Five are open-sided circus tents that the university is buying, and another four are semi-permanent structures that workers are building in an open field near dorms, Kevin Kirby, Rice’s vice president for administration, told me. Students and professors will decorate the spaces with murals and video projections.

In the fall, the structures will host classes and student activities, while reducing health risks — since the coronavirus spreads less easily outdoors. Kirby describes the construction project as “a statement to the community.” The statement: “We’re creative. We’re resilient. And what we do matters.”

Across the country, many indoor activities are going to be problematic for the foreseeable future: school, religious services, work meetings, cultural events, restaurant meals, haircuts and more. Mask-wearing reduces the risks, but being outdoors can reduce it even more. (Tara Parker-Pope explains the science and offers tips in this recent Well column.)

As Megan McArdle, a Washington Post columnist, has written: “Move everything outdoors — as much as possible and much more than has been done already.” Yes, the weather will sometimes be a problem. But “we’re long past searching for ideal solutions,” McArdle notes. “We’re now hunting for adequate.”

In today’s newsletter, I want to highlight some of the creative ideas my colleagues and I have noticed, like Rice’s:

Do you know of other companies or communities taking smart steps to move activities outdoors? Tell us about it.

The latest sign of how far the U.S. has fallen behind other countries in combating the virus: The N.H.L. announced that it would hold all of its remaining games this year in two Canadian cities. The U.S. isn’t safe enough.

The 24 hockey teams with the best records — 18 of which are U.S.-based — will travel to Toronto or Edmonton for a two-month tournament (without fans), starting Aug. 1. Las Vegas had been a leading candidate to serve as a host city until the recent virus surge across the Sun Belt.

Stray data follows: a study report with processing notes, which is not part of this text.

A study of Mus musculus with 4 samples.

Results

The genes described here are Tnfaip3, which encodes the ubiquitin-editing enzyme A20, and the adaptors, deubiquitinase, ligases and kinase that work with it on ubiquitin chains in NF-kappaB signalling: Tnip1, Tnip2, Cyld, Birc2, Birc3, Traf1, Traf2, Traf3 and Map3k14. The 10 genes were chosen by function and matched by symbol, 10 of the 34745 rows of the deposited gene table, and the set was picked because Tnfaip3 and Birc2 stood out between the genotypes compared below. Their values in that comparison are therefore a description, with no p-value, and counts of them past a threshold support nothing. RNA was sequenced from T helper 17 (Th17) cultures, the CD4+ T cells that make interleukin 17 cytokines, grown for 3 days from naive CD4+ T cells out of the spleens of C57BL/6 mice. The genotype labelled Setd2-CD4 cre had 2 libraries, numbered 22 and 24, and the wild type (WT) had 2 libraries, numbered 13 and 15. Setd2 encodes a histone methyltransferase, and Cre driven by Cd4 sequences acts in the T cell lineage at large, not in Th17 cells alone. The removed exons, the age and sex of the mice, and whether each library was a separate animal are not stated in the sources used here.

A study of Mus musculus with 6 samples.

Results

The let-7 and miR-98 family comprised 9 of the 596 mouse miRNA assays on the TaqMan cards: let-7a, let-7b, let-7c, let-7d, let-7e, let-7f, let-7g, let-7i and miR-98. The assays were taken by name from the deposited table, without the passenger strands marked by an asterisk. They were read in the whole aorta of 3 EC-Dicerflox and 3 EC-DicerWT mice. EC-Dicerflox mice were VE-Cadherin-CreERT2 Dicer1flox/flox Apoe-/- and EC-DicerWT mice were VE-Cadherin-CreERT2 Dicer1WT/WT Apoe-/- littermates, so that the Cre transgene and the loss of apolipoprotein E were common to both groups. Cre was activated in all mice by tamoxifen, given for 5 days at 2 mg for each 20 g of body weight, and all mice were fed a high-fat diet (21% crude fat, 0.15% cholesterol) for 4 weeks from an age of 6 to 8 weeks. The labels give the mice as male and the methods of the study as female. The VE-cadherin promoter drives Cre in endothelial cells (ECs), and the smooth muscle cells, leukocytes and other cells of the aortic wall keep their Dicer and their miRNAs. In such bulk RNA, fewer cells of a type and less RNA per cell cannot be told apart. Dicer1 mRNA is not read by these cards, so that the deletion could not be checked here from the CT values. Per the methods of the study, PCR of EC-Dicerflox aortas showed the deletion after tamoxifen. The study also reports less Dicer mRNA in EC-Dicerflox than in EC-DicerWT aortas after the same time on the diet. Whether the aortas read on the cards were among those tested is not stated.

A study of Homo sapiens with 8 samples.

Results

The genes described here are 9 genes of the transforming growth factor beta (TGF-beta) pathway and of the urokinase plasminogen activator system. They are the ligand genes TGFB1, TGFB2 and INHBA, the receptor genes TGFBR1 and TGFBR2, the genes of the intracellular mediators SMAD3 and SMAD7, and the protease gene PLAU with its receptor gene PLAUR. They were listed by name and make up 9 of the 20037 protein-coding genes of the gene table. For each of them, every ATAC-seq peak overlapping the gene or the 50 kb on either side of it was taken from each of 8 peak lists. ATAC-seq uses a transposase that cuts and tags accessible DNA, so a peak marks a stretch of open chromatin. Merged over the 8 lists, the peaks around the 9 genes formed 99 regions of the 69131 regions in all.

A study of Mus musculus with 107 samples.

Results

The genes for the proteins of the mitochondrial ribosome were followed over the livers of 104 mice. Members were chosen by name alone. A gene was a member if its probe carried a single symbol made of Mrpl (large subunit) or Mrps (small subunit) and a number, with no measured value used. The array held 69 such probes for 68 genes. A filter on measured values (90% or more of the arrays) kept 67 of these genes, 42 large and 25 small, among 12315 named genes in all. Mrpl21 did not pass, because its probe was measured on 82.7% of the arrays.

In other virus developments:


China and Iran, two top rivals of the U.S., are forging a strategic alliance. The partnership would expand China’s presence in Iran’s telecommunications and other industries, and would supply China with discounted Iranian oil for the next 25 years. The agreement also calls for military cooperation.

Michael Crowley, who covers U.S. foreign policy for The Times, told us: “The more the U.S. works to pressure and isolate China, the less reluctant China will be to fight back — challenging our other strategic interests, empowering U.S. rivals like Iran and undermining a global order that generally works to America’s benefit.”


Roger McNamee co-founded one of Silicon Valley’s most successful venture-capital firms and was an important early investor in Facebook. But he has soured on Big Tech, arguing that it now promotes hate speech, undermines democracy and profits at society’s expense.

McNamee was recently reading a Times article about Barack Obama’s role in Joe Biden’s campaign and was disappointed to learn that Obama had urged Biden to consult two of Silicon Valley’s top figures, Eric Schmidt (Google’s former chief executive) and Reid Hoffman (LinkedIn’s founder).

In response, McNamee has written a searing open letter to Biden in Wired magazine:

The tech industry has been transformed into a poster child for income inequality, toxic masculinity, and white privilege. In the era of George Floyd, Silicon Valley’s leaders are the last people to provide you with guidance on technology policy. Their companies and their community should instead be targets for reform …

Technology can and should be a huge contributor to the American economy, but today its culture and business models produce consistently suboptimal outcomes for society. The best analogies are the chemicals industry prior to the Clean Air Act and the pharmaceuticals industry before the Pure Food and Drug Act. Tech companies are profitable because they are not responsible for the harm they cause.

For more: In The Times, Anne Borden King, who has cancer, describes the torrent of ads for dubious treatments that Facebook is feeding her. And for a different view, see Andrea O’Sullivan’s and Tyler Cowen’s arguments that “you are getting a better deal from big technology companies than you realize.”